PHOENIX (AP) - Former Arizona state Rep. David Stringer is running for office again, just nine months after the Republican lawmaker resigned amid an ethics investigation of 1983 sex charges and comments he made on race and immigration.
Stringer announced his candidacy on Friday night for Yavapai County attorney, an office now held by a longtime Republican whom he accused of wasting tax dollars by locking up low-level offenders.
When he resigned March 27, Stringer faced possible expulsion for his refusal to turn over records to the ethics investigation.
He was the subject of two ethics complaints following newspaper reports that he was charged with sex crimes more than three decades ago. The charges were later expunged and Stringer’s lawyer said last year the charges never resulted in a conviction.
Stringer also was being investigated over 2018 comments that were widely denounced as racist. Those included him telling university students that African Americans “don’t blend in.” He apologized for his language in a speech on a speech on the House floor in January 2018.
Stringer said in his candidacy announcement statement that Yavapai County needs “a fresh approach to criminal justice” and that incumbent County Attorney Sheila Polk’s policies resulted in “too many low-level nonviolent offenders who are crowding our jail and driving up costs to the taxpayers.”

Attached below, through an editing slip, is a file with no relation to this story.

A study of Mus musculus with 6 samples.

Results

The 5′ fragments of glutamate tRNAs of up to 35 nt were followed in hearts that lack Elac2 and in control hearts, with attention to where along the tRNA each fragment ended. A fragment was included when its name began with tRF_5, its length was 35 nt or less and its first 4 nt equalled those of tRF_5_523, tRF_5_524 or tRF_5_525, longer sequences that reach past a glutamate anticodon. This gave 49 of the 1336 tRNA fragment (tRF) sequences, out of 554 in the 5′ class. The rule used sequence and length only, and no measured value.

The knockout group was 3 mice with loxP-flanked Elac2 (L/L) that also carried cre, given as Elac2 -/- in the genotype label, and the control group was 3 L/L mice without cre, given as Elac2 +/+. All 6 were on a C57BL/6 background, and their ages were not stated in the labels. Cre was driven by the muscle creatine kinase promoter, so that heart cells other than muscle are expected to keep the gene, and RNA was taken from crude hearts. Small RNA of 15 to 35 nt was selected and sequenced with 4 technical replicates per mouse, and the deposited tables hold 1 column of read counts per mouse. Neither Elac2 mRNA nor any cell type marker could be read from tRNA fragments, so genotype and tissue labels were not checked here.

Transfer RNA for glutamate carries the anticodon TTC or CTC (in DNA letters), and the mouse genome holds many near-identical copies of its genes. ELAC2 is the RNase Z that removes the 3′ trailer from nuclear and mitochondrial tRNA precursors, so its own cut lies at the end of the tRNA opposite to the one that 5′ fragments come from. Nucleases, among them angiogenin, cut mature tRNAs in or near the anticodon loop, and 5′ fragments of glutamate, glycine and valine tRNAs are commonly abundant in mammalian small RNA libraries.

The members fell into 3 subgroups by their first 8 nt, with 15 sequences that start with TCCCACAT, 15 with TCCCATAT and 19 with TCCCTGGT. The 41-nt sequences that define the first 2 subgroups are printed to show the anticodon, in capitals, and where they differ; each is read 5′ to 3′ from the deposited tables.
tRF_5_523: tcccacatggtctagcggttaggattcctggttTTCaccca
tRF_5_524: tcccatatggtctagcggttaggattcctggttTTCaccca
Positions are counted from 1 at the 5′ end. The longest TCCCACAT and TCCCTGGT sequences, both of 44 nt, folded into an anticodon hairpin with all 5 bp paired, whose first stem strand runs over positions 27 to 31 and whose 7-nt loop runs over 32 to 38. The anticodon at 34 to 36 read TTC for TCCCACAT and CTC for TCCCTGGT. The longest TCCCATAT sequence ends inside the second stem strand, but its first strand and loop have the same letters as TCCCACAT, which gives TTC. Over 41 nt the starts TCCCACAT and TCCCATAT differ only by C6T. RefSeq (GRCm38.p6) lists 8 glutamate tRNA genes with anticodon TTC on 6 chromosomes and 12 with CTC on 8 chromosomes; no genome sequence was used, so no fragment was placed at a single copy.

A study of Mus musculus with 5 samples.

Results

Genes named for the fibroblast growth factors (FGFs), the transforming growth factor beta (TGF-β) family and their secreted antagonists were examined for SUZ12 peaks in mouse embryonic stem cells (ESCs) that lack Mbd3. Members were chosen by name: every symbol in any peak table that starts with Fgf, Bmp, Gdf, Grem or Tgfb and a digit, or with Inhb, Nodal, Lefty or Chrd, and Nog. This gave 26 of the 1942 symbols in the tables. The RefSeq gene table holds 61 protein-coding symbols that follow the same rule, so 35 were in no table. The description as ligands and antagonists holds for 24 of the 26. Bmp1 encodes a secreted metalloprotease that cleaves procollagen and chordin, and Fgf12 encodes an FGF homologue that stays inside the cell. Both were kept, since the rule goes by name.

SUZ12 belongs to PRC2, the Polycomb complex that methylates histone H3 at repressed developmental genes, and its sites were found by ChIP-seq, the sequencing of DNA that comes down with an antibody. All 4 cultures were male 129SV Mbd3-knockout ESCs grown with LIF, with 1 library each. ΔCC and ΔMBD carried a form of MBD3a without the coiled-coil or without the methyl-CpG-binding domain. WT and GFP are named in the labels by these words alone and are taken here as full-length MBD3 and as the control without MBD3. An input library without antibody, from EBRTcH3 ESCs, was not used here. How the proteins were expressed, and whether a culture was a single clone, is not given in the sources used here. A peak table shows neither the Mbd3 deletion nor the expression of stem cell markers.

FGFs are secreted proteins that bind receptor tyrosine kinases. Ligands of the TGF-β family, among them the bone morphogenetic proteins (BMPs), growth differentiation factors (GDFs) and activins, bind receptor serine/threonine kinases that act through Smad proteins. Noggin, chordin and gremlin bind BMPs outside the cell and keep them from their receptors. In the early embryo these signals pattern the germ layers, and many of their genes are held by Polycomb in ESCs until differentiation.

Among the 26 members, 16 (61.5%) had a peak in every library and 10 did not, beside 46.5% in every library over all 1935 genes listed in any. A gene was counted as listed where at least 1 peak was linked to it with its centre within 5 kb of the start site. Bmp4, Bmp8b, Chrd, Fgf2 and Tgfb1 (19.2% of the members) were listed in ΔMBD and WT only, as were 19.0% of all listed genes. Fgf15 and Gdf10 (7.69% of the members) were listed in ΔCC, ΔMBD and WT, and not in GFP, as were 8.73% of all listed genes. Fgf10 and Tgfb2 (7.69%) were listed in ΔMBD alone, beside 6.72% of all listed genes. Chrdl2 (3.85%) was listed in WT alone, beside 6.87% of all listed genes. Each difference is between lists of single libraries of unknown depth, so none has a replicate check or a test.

Polk told The Associated Press in an email Saturday that Stringer was a “terribly flawed candidate” and that she was running for re-election on a “strong record of accomplishments and meaningful criminal justice reform.”
Stringer said he quit his House seat to protect his law license rather than violate a court order by complying with a subpoena for records. He did not elaborate but his attorney said last year the Houses Ethics Committee sought confidential records that included ones from a District of Columbia Bar investigation.
Stringer in his statement said he was targeted while a legislator “by the liberal media and even some of my fellow legislators.”
As county attorney, he said he’d fight to protect gun rights and combat illegal immigration.
A career prosecutor, Polk was first elected county attorney in 2000 and is now serving her fifth four-year term. She was unopposed in the 2016 primary and general elections.
Yavapai County is located in largely rural north-central Arizona and is the state’s fourth most populous county with an estimated 2017 population of 230,000.
Associated Press reporter Jonathan J. Cooper contributed to this story.
This story has been corrected to reflect that the House floor speech was in 2018, not 2019.